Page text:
Once all the votes are counted, President Obama is expected to eke out a narrow victory in the battleground state of Florida. But many are asking why voters had to stand in long lines for hours — on Election Day and in early voting — and also why the vote counting is taking so long.
This time, county officials say misprinted ballots slowed them down. Of course, the outcome of the 2012 race doesn't depend on Florida. Still, after long lines and the prolonged count, there are a lot of questions about what went wrong. From Miami, NPR's Greg Allen reports.
GREG ALLEN, BYLINE: The long lines began on the first day of early voting. Throughout the state, but especially in urban areas, people waited three, four hours and longer to cast their ballots. In populous South Florida, in some precincts, Election Day was even worse. The polls closed at 7 p.m., but the last person didn't vote in Miami-Dade County until after 1 a.m.
MAYOR CARLOS GIMENEZ: That was unacceptable to me.
ALLEN: Carlos Gimenez is the mayor of Miami-Dade County.
GIMENEZ: The waits were way too far. And we've got to get some answers as to what happened, why, why wasn't it foreseen?
ALLEN: The problems actually had been foreseen by many. Daniel Smith, a political science professor at the University of Florida says in some ways, what happened this election may be even worse than what went wrong with Florida's butterfly ballots and hanging chads in 2000.
DANIEL SMITH: In this election, we had really a design fail, where the state legislature and Governor Scott were complicit in making it more difficult for people to get to the polls. And as a result, we had incredibly long lines, not only during the shortened eight-day period of early voting but also on Election Day.
ALLEN: Last year, Florida's Republican-controlled legislature made several changes to the state's voting laws. Some of the changes were struck down by the courts, but left standing was a legislature's decision to shorten the early voting period from 14 to eight days. In Florida, early voting has been especially popular with Democrats. In 2008, it was credited with helping Barack Obama carry the state.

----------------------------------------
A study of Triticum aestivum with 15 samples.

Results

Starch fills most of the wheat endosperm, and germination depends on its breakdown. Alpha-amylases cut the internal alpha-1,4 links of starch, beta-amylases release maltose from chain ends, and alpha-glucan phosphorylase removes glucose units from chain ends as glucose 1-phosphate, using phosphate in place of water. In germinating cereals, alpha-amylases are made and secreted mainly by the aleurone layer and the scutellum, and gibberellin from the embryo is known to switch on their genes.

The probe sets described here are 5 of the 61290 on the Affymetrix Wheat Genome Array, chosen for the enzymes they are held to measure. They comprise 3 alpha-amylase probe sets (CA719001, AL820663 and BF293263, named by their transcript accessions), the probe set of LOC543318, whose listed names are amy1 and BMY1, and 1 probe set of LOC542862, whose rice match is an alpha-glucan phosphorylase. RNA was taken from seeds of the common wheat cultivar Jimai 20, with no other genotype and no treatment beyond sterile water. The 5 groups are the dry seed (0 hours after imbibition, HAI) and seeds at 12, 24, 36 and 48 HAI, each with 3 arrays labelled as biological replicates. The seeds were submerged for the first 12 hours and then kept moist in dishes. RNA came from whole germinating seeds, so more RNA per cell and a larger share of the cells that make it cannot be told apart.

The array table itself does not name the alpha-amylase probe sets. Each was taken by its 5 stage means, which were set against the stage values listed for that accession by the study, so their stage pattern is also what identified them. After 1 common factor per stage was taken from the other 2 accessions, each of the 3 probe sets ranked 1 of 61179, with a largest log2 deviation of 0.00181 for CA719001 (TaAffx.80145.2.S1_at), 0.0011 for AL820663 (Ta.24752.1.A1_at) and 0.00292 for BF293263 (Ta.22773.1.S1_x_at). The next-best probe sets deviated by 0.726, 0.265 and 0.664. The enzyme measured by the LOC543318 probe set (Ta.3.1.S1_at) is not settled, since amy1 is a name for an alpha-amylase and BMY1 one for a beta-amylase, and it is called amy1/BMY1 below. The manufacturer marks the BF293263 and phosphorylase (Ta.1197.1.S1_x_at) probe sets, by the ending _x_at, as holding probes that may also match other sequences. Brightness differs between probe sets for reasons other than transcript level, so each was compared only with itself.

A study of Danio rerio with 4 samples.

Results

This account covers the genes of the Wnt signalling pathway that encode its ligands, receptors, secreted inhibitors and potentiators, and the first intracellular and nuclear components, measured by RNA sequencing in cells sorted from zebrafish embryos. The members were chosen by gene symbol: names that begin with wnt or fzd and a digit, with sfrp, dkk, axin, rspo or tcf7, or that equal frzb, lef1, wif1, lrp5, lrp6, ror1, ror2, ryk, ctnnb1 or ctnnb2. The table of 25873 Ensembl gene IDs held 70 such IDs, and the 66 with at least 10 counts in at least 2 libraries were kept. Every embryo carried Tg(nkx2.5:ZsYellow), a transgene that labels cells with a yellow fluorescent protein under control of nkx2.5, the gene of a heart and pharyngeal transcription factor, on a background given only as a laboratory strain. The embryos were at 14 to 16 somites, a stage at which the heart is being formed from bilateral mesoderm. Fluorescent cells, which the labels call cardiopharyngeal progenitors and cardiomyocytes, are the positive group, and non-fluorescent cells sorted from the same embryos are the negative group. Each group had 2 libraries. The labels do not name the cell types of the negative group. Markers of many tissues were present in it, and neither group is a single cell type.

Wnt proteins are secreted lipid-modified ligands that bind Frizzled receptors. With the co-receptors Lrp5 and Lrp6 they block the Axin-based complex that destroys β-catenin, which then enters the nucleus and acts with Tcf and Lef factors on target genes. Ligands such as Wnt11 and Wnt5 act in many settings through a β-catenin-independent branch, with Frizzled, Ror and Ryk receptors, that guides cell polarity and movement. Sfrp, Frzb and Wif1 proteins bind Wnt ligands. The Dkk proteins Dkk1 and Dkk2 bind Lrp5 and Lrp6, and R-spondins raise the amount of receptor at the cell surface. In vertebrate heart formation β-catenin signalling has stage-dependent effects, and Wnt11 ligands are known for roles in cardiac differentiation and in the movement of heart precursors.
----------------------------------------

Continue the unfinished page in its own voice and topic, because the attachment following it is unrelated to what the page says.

As early voting got underway last month, the long lines prompted Democrats and voting rights groups to ask Florida Governor Rick Scott to extend early voting, as had been done previously by Governors Jeb Bush and Charlie Crist. Scott refused. Outside a polling place with lengthy lines in Boca Raton, he was asked whether the legislature's decision to shorten the early voting period was a political move.
GOVERNOR RICK SCOTT: Here's what's political: I want everybody that has a right to vote to go register to vote. I want everybody to get involved in campaigns, and I want everybody to go out and vote. Four point four million people have gotten to vote in our state before Election Day.
ALLEN: Scott maintains Florida, in his words, did the right thing on Election Day. But he says he's asked his Secretary of State Ken Detzner to look for ways to improve the election process. On CNN earlier today, Detzner said he thinks the problem on Election Day weren't due to state restrictions on early voting, but because of a spike in voter enthusiasm.
KEN DETZNER: The turnout was unprecedented. It was a record year of turnout. More people voted before Election Day using absentee ballots and voting early than ever before in our history.
ALLEN: That's not strictly true. More people used absentee ballots this year. But early voting was actually down by some 200,000 ballots. And while the final votes are still being tallied, when taken as a percentage of the overall population, Florida's turnout this election looks like it will be smaller than in 2008. Greg Allen, NPR News, Miami. Transcript provided by NPR, Copyright NPR.